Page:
Who knows if Justin Thomas’ pitching line in the Sacramento River Cats’ 11-7 loss to the Salt Lake Bees last Wednesday will help push him back into the major leagues this season.
Thomas, a 2002 Clay grad, is a 6-foot-3, 220-pound left-hander who is pitching for his ninth minor league team. If he gets called up to the pitch this season for the Oakland Athletics, the River Cats’ major league affiliate, he will have pitched for five major league teams. That list includes Pittsburgh, Seattle, Boston and the New York Yankees.
On this particular Wednesday night, Thomas throws five innings and gives up three runs (all earned) on six hits, with three walks and three strikeouts. He also allows a home run as Sacramento falls to 40-33 but still leads the Pacific Coast League’s Southern Division.
|Southpaw Justin Thomas. (Photo by Molina/
Sacramento River Cats)
Four days earlier, Thomas went seven innings against Salt Lake and allowed just one run.
“I go out every time and try to throw 6-7 innings and try to give my team a chance to win,” Thomas said prior to his last start against Salt Lake. “I try to give up three or less runs. I haven’t had a lot of run support in my last few starts, but that comes and goes. I hope we score some runs my next few starts and I can keep the other team at bay and I can get a couple wins under my belt.”
In 15 starts with Sacramento, Thomas had a 3-5 record with a 4.23 ERA in 78.2 innings. He had allowed 87 hits and 31 walks, and struck out 60. Opponents were hitting .276 against him.
Thomas was a starting pitcher when his professional career began, but he was moved to the bullpen in 2008 by the Seattle Mariners. Last season he made the opening-day roster with the Red Sox but was sent to Boston’s Triple-A club, Pawtucket, and became a free agent after a 72-hour waiver period. He was claimed off waivers by the Yankees and spent the rest of the 2012 season with Scranton/Wilkes-Barre as a spot-starter there before being called up to the Yankees in September.
Thomas spent the last month of the season in the Yankees’ bullpen and then pitched in Venezuela for about a month as a reliever, to get an early start on spring training. He was acquired by the Athletics over the winter and built himself up to be a starter, which turned out to be in Sacramento this spring.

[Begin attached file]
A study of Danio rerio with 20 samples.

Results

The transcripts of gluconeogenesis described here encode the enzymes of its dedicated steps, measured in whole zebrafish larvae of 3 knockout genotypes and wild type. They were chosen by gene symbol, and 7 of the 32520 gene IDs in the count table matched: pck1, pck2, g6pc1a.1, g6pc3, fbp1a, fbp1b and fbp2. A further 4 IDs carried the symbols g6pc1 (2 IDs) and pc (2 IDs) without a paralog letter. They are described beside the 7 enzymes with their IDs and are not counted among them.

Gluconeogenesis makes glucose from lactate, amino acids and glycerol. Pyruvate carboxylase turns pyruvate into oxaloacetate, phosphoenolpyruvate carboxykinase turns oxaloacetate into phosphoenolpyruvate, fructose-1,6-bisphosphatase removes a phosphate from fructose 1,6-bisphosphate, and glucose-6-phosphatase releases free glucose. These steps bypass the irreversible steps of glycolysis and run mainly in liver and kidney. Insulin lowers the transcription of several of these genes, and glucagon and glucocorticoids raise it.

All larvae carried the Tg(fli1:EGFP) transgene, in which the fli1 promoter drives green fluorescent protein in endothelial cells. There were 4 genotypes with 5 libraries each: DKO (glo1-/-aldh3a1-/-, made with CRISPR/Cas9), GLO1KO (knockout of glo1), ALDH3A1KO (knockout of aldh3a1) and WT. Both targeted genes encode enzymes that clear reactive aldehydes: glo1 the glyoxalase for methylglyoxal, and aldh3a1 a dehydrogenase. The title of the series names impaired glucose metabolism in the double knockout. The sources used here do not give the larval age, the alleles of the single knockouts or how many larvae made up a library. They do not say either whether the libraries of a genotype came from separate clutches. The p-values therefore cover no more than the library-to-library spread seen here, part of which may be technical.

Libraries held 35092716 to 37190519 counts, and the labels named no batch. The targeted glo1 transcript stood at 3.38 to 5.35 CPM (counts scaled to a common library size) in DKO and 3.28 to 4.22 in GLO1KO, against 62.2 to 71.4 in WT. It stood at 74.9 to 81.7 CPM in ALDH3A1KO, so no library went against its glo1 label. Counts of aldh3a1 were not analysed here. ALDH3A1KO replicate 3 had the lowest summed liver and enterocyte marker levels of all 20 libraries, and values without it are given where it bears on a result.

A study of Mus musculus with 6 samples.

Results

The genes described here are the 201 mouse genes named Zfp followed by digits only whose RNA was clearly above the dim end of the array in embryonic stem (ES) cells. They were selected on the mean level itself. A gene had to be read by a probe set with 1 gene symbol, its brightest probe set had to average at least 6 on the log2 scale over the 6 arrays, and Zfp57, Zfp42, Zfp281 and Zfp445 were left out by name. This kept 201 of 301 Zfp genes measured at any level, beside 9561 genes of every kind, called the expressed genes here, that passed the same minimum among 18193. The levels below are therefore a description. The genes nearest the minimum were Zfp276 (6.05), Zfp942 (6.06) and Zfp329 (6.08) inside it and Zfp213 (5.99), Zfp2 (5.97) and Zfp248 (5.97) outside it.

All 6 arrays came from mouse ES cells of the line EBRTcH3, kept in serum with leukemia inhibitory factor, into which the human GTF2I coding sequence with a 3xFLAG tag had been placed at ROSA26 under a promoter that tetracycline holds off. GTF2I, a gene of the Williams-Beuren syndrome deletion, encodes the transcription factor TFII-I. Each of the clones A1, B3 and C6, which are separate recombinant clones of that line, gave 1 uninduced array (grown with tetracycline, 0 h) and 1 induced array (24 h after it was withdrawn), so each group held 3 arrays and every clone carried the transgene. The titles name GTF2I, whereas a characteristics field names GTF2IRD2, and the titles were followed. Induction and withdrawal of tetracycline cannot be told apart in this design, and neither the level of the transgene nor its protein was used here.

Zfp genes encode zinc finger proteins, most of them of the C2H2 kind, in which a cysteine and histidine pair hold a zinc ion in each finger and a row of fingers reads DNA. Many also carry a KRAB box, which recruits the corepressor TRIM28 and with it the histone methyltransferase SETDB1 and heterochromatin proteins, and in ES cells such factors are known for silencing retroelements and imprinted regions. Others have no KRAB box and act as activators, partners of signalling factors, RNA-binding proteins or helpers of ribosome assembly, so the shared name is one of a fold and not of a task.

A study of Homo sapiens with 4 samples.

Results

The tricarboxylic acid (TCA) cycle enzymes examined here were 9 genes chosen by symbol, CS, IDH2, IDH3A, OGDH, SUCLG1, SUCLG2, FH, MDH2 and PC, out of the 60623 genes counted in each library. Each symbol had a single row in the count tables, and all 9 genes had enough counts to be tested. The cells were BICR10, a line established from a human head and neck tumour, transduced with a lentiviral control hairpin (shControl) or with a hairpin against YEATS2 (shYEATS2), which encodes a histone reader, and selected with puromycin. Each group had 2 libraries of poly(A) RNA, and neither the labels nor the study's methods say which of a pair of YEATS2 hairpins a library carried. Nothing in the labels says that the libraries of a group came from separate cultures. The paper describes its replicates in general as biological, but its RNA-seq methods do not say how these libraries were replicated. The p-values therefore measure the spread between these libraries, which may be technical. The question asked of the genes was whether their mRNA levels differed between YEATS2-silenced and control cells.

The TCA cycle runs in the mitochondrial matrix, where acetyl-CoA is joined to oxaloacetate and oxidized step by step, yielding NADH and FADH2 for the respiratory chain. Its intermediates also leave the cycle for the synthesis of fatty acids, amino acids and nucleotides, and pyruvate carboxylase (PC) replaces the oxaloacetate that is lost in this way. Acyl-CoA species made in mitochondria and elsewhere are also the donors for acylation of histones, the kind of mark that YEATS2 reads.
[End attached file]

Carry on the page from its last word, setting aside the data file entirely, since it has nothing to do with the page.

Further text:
Thomas said he doesn’t mind being called on as a starter or as a reliever.
“I enjoy it the same, so it doesn’t really matter,” he said. “I haven’t (started) in a while and it took a while to get my routine down. The last four weeks, I’ve been able to get into a groove and stick with the same routine, so that’s good. I’ve done them both now and I have a grasp on how to do both. I don’t have preference.”
At this point in his career, the 29-year-old Thomas said it is more beneficial to be a starter if he wants to pitch again at the major league level.
“You can always be called up to the majors and put in the bullpen,” he said. “When you’re a starter, you can sometimes get called up to start or be put in the bullpen. It gives you more opportunity to get called up into any role. You can be a starter, a short (relief) guy and a long guy. It just opens up some more opportunities.”
Now that he is starting, Thomas said he has mixed in throwing more curveballs to accompany his fastball, slider and change-up. Every team he’s played for, of course, has wanted Thomas to be able to do different things in different situations. Moving from team to team, city to city, is just part of the deal, he said.
“That’s kind of the way it goes,” Thomas said. “You take your chances where you can get them. I picked to sign here because they were going to give me an opportunity to be a starter. I wasn’t going to sign back with the Yankees. The Rockies, Padres, Athletics, Orioles and Marlins were teams I was going to sign with this offseason, but I decided to sign with the A’s so I could be in the rotation.”
Thomas added that he doesn’t have a time frame for when he’d like to get called up to the River Cats’ parent club.
“I just kind of play it by ear,” he said. “I’ll wait and see. You have to see which teams suffer some injuries, or I could always be traded or hook on with another team. You just have to go out there when it’s your time to pitch, because other teams might be watching. You have to go out and perform, no matter who you’re pitching for.”